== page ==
The clerk pointed to the open door of a small private office.
“If you will step this way for one moment, madam,” he begged.
She tapped the floor with her foot and looked at him curiously. Certainly the people around seemed to be taking some interest in their conversation.
“Why should I?” she asked. “Cannot you answer my question here?”
“If madam will be so good,” he persisted.
She shrugged her shoulders and followed him. Something in the man’s earnest tone and almost pleading look convinced her, at least, of his good intentions. Besides, the interest which her question had undoubtedly aroused amongst the bystanders was, to say the least of it, embarrassing. He pulled the door to after them.
“Madam,” he said, “there was a Mr. Hamilton Fynes who came over by the Lusitania, and who had certainly engaged rooms in this hotel, but he unfortunately, it seems, met with an accident on his way from Liverpool.”
Her manner changed at once. She began to understand what it all meant. Her lips parted, her eyes were wide open.
“An accident?” she faltered.
He gently rolled a chair up to her. She sank obediently into it.
“Madam,” he said, “it was a very bad accident indeed. I trust that Mr. Hamilton Fynes was not a very intimate friend or a relative of yours. It would perhaps be better for you to read the account for yourself.”
He placed a newspaper in her hands. She read the first few lines and suddenly turned upon him. She was white to the lips now, and there was real terror in her tone. Yet if he had been in a position to have analyzed the emotion she displayed, he might have remarked that there was none of the surprise, the blank, unbelieving amazement which might have been expected from one hearing for the first time of such a calamity.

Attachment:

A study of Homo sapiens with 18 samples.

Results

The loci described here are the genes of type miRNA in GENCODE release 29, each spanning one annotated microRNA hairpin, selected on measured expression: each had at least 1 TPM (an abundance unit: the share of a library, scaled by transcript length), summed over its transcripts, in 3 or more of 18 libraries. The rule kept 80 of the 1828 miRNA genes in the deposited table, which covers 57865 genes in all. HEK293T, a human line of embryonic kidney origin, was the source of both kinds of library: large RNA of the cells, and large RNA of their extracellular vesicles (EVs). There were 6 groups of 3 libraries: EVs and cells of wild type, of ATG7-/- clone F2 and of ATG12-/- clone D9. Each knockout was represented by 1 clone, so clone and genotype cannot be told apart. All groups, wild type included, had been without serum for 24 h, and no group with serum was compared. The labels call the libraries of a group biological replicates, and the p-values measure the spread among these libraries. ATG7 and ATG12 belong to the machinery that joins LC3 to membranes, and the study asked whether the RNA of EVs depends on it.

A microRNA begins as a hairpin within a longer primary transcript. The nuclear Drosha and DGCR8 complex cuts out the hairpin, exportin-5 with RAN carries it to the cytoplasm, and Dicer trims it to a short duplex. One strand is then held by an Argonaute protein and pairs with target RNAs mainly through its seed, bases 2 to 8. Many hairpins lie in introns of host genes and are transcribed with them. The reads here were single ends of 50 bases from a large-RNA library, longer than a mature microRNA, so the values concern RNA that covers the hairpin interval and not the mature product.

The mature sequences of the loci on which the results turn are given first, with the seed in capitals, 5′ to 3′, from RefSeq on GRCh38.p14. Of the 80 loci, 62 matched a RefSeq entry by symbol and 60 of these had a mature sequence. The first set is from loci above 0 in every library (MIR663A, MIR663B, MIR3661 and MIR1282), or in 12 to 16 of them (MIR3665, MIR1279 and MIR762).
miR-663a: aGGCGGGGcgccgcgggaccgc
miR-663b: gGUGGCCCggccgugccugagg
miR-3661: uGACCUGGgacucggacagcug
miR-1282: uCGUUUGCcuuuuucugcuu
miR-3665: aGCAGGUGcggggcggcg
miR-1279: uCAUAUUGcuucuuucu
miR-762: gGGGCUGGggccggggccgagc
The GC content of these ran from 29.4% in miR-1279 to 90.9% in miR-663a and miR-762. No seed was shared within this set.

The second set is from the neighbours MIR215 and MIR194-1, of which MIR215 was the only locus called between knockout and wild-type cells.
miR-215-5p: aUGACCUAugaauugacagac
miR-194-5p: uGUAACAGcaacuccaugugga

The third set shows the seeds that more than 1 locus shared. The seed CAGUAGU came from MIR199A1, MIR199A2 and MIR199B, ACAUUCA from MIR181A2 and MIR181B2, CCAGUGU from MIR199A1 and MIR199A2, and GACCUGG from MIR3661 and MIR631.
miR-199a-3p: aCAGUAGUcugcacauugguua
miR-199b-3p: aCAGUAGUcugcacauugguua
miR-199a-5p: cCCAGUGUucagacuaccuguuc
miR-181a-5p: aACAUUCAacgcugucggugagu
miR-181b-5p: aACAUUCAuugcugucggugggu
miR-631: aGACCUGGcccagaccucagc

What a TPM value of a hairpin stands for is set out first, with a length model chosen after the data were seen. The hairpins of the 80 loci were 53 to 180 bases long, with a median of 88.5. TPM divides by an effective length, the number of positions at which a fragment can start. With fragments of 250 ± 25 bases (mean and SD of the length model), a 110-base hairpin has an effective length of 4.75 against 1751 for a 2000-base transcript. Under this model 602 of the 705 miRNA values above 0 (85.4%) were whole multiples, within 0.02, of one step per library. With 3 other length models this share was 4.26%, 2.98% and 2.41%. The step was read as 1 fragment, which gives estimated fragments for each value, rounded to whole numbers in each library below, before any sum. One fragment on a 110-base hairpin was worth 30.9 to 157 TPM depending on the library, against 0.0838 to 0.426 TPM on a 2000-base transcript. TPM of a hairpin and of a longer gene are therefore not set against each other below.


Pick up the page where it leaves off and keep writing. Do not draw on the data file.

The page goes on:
“Murdered!” she exclaimed. “Is this true?”
“It appears to be perfectly true, madam, I regret to say,” the clerk answered. “Even the earlier editions were able to supply the man’s name, and I am afraid that there is no doubt about his identity. The captain of the Lusitania confirmed it, and many of the passengers who saw him leave the ship last night have been interviewed.”
“Murdered!” she repeated to herself with trembling lips. “It seems such a horrible death! Have they any idea who did it?” she asked. “Has any one been arrested?”
“At present, no, madam,” the clerk answered. “The affair, as you will see if you read further, is an exceedingly mysterious one.”
She rocked a little in her chair, but she showed no signs of fainting. She picked up the paper and found the place once more. There were two columns filled with particulars of the tragedy.
“Where can I be alone and read this?” she asked.
“Here, if you please, madam,” the clerk answered. “I must go back to my desk. There are many arrivals just now. Will you allow me to send you something—a little brandy, perhaps?”